This blog has been updated to reflect new announcements regarding the NY HERO Act. The original blog was published on April 27.
As the economy across the country continues to recover from the COVID-19 pandemic, the New York State Legislature is working to implement new employment protections. On April 21st, 2021, portions of the NY HERO Act were signed, implementing new workplace health and safety protections to prevent occupational exposure to airborne infectious diseases.
In addition, the legislature is also working to implement two additional bills–one which would ban “no-rehire clauses” and “no-poach agreements.” Brown Kwon & Lam explains what this means for New York employees.
What is the NY HERO Act?
According to the New York State Senate, “The NY HERO Act, or the New York Health and Essential Rights Act, would require the Departments of Labor and Health to implement enforceable minimum standards for workplace safety. The regulations must include protocols on testing, PPE, social distancing, hand hygiene, disinfection, and engineering controls. Workers would also be given a direct role in monitoring and reporting violations through workplace health and safety committees and employees would be protected from retaliation for utilizing their rights under the law.”
Other elements of the Act include:
- Airborne Infectious Disease Workplace Safety Standard: The law establishes minimum requirements for preventing the spread of airborne infectious diseases in the workplace, divided into segments of employee health screenings, face coverings, personal protective equipment, social distancing, and cleaning and disinfecting protocols.
- Non-Retaliation: Retaliating against employees for reporting violations against safety standards, reporting concerns of exposure to such diseases, and/or for refusing to work where there is a good faith belief that the workplace exposes employees to an unreasonable risk of exposure is prohibited.
- Penalties: Non-compliant employers can face penalties of at least $50 per day for failing to adopt a disease prevention plan, and face fines of $1,000 – $10,000 for failing to comply with such plans.
- Private Right of Action: Employees have a right to bring forth legal action against non-compliant employers. Employees may be awarded attorneys’ fees and costs and liquidated damages up to $20,000 unless the employer demonstrates good faith attempts to comply with established standards.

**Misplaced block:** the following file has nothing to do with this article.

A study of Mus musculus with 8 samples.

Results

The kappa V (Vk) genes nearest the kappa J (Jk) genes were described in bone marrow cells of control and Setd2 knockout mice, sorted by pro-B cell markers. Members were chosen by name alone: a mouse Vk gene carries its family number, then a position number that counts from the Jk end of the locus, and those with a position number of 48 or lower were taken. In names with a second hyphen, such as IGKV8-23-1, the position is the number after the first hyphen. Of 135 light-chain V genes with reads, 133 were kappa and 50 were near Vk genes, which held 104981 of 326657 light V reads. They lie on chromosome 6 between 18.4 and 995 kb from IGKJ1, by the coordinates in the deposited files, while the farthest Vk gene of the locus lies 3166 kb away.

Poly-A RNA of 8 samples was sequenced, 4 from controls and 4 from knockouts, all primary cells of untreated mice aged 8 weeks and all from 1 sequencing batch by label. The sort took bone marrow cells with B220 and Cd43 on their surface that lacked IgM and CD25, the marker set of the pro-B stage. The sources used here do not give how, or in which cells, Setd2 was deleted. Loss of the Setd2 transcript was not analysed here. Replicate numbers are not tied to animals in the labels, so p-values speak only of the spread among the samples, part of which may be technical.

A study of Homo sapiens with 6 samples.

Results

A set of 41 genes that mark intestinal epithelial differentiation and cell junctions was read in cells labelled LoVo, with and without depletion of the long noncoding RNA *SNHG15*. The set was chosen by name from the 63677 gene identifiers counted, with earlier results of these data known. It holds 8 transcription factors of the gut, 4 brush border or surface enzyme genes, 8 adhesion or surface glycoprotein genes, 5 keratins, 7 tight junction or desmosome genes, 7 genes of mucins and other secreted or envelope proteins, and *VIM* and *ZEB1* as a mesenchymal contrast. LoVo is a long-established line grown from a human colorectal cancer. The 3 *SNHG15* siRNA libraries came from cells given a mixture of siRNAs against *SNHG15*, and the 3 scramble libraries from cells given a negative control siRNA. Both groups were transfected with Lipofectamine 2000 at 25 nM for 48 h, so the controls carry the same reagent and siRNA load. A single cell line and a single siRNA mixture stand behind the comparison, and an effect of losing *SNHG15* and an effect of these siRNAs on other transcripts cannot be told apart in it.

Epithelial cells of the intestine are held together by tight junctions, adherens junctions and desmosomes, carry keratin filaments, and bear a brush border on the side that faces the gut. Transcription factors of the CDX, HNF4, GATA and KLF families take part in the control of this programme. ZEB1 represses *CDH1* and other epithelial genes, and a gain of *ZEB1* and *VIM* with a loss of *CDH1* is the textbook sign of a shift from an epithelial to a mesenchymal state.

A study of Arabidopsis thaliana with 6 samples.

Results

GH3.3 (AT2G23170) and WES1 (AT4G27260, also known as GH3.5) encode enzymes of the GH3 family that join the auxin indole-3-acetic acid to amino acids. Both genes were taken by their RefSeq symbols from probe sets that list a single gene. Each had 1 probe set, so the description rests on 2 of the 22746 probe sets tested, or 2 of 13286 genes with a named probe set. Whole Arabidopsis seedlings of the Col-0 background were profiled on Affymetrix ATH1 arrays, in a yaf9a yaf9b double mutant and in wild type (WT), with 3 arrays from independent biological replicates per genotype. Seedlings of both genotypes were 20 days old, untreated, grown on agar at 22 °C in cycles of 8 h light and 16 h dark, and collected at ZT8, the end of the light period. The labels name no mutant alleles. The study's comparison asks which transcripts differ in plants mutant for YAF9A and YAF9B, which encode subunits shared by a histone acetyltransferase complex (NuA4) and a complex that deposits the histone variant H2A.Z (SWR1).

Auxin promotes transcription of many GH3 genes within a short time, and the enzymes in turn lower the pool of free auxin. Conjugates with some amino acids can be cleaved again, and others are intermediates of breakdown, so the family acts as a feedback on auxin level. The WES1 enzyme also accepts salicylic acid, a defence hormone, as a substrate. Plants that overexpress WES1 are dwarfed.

- Creation of Workplace Safety Committees: Employers must allow employees to form a joint labor-management workplace safety committee that is permitted to raise workplace health and safety concerns, review employer workplace safety policies, participate in government site visits related to safety standards, and attend committee meetings and trainings related to workplace health and safety standards.
In addition to the HERO Act, New York State Legislature is also working to enact two additional bills, Bill S766 and Bill S562.
Prohibition of No-Rehire Clauses and No-Poach Ban
The Prohibition of No-Rehire Clause, Bill S766, is currently pending before the full State Senate and would prohibit employers from including clauses in settlement agreements that prevent employees from applying for, accepting, or engaging in future employment with the employer, or any related entities.
Should the bill go into effect, any agreement containing a rehire clause will be unenforceable except for the employer being bound by obligations to provide full compensation/severance pay for the employee.
Further, Bill S562, also known as the End Employer Collusion Act, prohibits agreements between franchisors and franchisees that restrict entities from hiring the current or former employees of their franchisor or other franchisees. In addition, any employee denied employment would be able to pursue compensatory damages, punitive damages, and attorneys’ fees.
With these changes occurring in New York employment law, employers must be mindful and review current employment contracts and policies to ensure that employees’ rights are being protected. Should they fail to abide, employees need to know, Brown Kwon & Lam is on their side.
Templated Employment Policies For Prevention, Airborne Infection Notice
On July 6, the New York State Department of Labor (NYSDOL) announced that under the HERO Act, employers must adopt minimum standards via template policies to protect employees from future airborne infectious disease outbreaks.
This includes both a General Standard and a Model Airborne Infectious Disease Exposure Prevention Plan. In addition, the NYSDOL published industry-specific guidelines. This includes templated policies for agriculture, construction, delivery services, domestic workers, emergency response, food services, manufacturing and industry, personal services, private education, private transportation, and retail.
Under the General Standard, employers must establish a written exposure prevention plan. Under the Model Airborne Infectious Disease Exposure Prevention Plan, they can select a templated option. Further, employers that wish to develop their own prevention plan can do so. However, it must meet the following criteria:
- Consider and incorporate controls applicable to the worksite.
- Adopt an alternative plan under an agreement with the collective bargaining representative.
These plans must be made available to employees in their preferred language, must be available to all employees upon request, must be posted in a prominent location at the physical worksite, included in the employee handbook and it must be reviewed by the employer to the employees.
New York Worker Safety: Brown Kwon & Lam
As changes occur in the workplace, New York employees need to know that Brown Kwon & Lam is here to protect in their employee rights-related litigation. Contact our firm today for a free consultation.